West Africa Is Replicating France’s Failed Security Strategy

West Africa Is Replicating France’s Failed Security Strategy
Lt. Col. Assimi Goita, the leader of Mali’s ruling junta, attends an independence day military parade in Bamako, Mali, Sept. 22, 2022 (AP photo).

In late November, Ghanaian President Nana Akufo-Addo hosted a summit of heads of state and government of the Accra Initiative, attended by Beninese President Patrice Talon, Togolese President Faure Gnassingbe and Ivoirian Prime Minister Patrick Achi, among others. Launched in 2017 in response to growing insecurity in West Africa, the initiative offered a collaborative security mechanism to share lessons on the region’s common security challenges, including terrorism, violent extremism and transnational crime, while focusing on three areas: training, cross-border military operations and information- and intelligence-sharing.

In 2018 and 2019, its original member states—Burkina Faso, Cote d’Ivoire, Ghana, Togo and Benin—conducted joint military operations on their borders, which resulted in the arrests of about 700 suspected terrorists and gang members, and the seizure of homemade weapons. And in 2019, Mali and Niger were admitted into the group given their proximity to coastal West African states and their experience in combating violent extremism. But overall, the Accra Initiative has accomplished little in the way of results.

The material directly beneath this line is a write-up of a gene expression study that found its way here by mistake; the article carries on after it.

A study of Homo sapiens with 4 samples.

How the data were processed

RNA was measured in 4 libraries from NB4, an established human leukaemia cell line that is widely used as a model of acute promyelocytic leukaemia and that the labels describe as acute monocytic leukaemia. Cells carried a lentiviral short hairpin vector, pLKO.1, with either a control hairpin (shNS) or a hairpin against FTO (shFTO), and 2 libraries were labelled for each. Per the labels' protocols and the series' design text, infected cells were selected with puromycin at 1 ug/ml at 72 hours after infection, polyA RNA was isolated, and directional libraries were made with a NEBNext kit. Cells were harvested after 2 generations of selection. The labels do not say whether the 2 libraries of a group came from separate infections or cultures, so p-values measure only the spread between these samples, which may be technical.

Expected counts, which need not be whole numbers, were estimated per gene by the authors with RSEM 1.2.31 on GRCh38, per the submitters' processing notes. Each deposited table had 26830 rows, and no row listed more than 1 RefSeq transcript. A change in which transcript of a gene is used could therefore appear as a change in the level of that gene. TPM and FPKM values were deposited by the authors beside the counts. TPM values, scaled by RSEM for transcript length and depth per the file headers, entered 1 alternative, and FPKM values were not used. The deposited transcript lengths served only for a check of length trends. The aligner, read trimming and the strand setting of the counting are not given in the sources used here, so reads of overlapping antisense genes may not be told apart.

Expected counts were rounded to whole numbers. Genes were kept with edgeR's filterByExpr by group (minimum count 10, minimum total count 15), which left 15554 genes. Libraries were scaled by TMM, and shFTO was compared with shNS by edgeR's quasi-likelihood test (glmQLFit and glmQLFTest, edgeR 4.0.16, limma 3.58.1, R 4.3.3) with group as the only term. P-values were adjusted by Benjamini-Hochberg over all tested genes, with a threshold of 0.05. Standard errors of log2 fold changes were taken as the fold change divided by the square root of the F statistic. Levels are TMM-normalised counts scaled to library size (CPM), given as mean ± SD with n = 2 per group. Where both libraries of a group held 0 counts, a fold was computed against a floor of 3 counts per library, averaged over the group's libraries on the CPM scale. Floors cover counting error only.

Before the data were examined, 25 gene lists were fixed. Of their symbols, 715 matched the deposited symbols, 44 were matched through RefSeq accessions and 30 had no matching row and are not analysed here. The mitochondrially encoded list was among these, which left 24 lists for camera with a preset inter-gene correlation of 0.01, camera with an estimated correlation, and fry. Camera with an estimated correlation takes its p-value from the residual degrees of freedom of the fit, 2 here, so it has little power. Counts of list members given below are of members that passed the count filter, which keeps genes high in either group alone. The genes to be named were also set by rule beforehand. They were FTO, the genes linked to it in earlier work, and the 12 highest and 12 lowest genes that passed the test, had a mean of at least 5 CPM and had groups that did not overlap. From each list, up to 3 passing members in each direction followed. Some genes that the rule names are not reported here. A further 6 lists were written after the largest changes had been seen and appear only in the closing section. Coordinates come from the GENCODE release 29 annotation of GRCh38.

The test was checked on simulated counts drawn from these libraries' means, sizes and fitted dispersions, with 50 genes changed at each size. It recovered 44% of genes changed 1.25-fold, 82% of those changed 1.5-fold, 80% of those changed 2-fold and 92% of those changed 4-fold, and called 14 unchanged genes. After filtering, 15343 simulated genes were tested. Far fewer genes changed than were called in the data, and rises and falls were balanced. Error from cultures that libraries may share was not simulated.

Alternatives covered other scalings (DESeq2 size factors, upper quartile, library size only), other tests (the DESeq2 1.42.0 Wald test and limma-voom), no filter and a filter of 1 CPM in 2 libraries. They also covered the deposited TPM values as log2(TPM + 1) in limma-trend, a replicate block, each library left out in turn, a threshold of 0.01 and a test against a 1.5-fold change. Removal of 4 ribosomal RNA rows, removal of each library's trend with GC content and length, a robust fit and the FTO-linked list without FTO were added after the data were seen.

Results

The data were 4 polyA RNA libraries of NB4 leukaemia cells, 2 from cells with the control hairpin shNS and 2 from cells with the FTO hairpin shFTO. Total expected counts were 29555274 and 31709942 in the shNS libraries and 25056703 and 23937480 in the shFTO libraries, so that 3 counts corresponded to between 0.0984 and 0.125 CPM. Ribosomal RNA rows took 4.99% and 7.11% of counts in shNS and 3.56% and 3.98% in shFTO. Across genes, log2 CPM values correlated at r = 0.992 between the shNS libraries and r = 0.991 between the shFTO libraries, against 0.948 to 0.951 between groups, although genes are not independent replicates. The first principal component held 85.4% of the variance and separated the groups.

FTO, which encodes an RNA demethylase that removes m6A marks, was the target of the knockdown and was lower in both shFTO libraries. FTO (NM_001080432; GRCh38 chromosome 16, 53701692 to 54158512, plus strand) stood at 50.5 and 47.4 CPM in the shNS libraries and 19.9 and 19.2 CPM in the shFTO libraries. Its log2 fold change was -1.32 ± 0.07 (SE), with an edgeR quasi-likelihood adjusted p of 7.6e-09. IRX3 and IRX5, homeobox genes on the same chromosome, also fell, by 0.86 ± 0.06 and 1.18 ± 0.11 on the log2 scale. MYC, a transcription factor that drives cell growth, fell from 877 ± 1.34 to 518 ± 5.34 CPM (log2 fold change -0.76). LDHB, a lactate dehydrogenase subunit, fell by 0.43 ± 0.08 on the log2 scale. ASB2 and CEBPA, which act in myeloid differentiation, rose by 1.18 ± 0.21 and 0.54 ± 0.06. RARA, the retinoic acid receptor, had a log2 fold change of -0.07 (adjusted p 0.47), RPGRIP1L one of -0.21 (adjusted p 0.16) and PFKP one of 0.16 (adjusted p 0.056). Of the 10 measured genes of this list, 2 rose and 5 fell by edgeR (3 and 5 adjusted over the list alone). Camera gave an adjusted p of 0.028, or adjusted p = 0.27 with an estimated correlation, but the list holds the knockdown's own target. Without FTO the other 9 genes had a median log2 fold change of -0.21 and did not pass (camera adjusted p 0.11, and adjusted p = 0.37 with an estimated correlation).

Now, as the twin crises of political instability and violent extremism in West Africa’s Sahel region deepens, regional leaders are seeking ways to prevent the spillover of both phenomena to West Africa’s littoral states. That explains why one of the outcomes of last month’s gathering was the official launch of the Multi-National Joint Task Force of the Accra Initiative, which according to a joint communiqué will be mobilized “within a month.” The task force consists of 10,000 soldiers, most of whom will be stationed in Tamale, Ghana, with an intelligence outpost in Ouagadougou, Burkina Faso’s capital. The mission is aimed at preventing terrorism, illegal resource extraction, drug trafficking, dealing in illicit arms, smuggling and other transnational crimes. Such a task force has been mooted since the group’s first conference back in 2017, but the need for it has now grown more urgent amid the region’s rapidly evolving security landscape.